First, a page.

Omaha police: Gunman suspended before school shootingOMAHA, Neb. (AP) — Hours before he opened fire on two principals at his high school, a Nebraska teenager calmly accepted a suspension for driving on an athletic field. He went home to speak with his father and some friends — all the while giving no hint of turning violent, police said Thursday.
OMAHA, Neb. (AP) — Hours before he opened fire on two principals at his high school, a Nebraska teenager calmly accepted a suspension for driving on an athletic field. He went home to speak with his father and some friends — all the while giving no hint of turning violent, police said Thursday.
But after his father left to run errands, 17-year-old Robert Butler Jr. took a handgun from a closet and headed back to the school to confront the administrator who had punished him.
Butler, whose father is a detective for the Omaha Police Department, asked to see the assistant principal and fatally shot her in her office with his father's service weapon. He then wounded the principal and fled before killing himself.
Authorities on Thursday outlined the events that led up to the shooting, which unfolded at Millard South High School on the first day of class after holiday break.
Butler had transferred to Omaha in the fall from a school in Lincoln, about 50 miles away. On New Year's Day, he had been cited for criminal trespassing after driving his car on the school's football field and track, police said.
Butler was called out of class at 8:10 a.m. Wednesday to meet with Assistant Principal Vicki Kaspar. The two talked in her office, and he was escorted out of the school at 9:23 a.m., police said.
Butler remained calm after learning of the suspension.
“He wasn't acting like an out-of-control student at all,” Police Chief Alex Hayes said. The teen received a ride home, where he talked to his father and spoke with some friends by phone.
Butler's parents decided to transfer him to Omaha because he was having disciplinary problems in Lincoln and had not been listening to his mother, who is divorced from Butler's father and remarried, Hayes said.
Butler's father didn't have any reason to expect his son would turn violent because the teen did not seem distraught about the suspension and had no history of mental illness.
“He was disappointed with the discipline, but he wasn't acting angry,” Hayes said.
Superintendent Keith Lutz would not say exactly how long Butler was to be suspended, except to say it would not have exceeded 19 days. Any penalty longer than 19 days is considered an expulsion in the district.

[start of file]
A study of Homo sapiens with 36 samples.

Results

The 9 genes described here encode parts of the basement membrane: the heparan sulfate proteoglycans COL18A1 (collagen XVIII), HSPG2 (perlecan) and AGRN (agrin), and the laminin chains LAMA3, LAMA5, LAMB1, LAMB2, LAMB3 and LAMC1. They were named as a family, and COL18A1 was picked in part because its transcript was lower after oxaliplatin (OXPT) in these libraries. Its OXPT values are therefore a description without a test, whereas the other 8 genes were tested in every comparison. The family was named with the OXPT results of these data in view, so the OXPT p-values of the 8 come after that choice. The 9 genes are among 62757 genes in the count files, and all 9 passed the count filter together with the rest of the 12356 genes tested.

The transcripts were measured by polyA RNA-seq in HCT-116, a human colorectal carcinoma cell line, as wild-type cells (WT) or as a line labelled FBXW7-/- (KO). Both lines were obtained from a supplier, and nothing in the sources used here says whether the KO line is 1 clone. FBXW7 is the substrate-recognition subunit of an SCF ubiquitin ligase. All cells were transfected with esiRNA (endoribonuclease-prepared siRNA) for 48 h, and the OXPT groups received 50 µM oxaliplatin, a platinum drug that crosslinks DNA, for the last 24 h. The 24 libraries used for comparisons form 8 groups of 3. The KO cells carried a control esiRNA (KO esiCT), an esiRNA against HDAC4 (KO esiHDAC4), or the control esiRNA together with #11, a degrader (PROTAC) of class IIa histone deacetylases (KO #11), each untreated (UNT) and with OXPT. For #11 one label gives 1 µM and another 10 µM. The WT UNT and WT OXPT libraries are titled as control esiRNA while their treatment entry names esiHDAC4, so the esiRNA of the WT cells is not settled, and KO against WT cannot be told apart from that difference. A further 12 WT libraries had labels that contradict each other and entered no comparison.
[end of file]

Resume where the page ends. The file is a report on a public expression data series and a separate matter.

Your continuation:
Butler's father, who normally works an evening shift, left the home for about 40 minutes to run errands, Butler took his father's handgun out of a closet, posted an ominous message on Facebook predicting he would do “evil things” and broke into a locked garage where his father had stored his car since the trespassing incident.
“When we, as police officers, leave our houses, we do not expect our children to commit crimes like this,” Hayes said.
Butler returned to the school at 12:45 p.m., but he still did not seem upset and even took the time to sign in at the administrative office, asking to see Kaspar again.
“He walked into the school just like a normal student. He was not displaying any firearm or weapons,” Hayes said.
Police said he had been in her office about four minutes with the door closed before he shot her. Butler then walked across a hallway and shot Principal Curtis Case.
Butler also fired at a custodian and missed, and debris hit a school nurse, who was not seriously hurt.
An unarmed security officer was sitting at a desk outside the school's main offices and saw Butler walking away. Butler pointed a gun at the officer, who took cover and wasn't shot.
A school resource officer who heard the gunfire called police.
The security officer gave police Butler's name and described his car, and at 1:35 p.m., authorities received a report of a suspicious vehicle about a mile from the school. Officers raced to the car and found Butler inside, dead from a self-inflicted gunshot wound.
The gun was his father's service weapon, a .40-caliber semiautomatic pistol that can fire up to 15 rounds. Butler fired seven rounds.
People in the school office initially did not realize the first three shots were from a gun because there had been an earlier birthday party. They thought the noise was from balloons popping.
After word of the shooting spread, panicked students took shelter in the school's kitchen and in locked classrooms while police checked the building.
Kaspar, 58, died Wednesday evening. Case, 45, was hospitalized in serious but stable condition.
The superintendent said Kaspar was a dedicated professional who did her job well.
“She will be missed but certainly not forgotten,” Lutz said.
Case was improving and had been able to speak with family members, Lutz added.
Classes were scheduled to resume Friday.
Butler's rambling message on Facebook described his unhappiness with the school but did not supply many details.
He wrote that the Omaha school was worse than his previous one, and that the new city had changed him. He apologized and said he wanted people to remember him for who he was before affecting “the lives of the families I ruined.” The post ended with “goodbye.”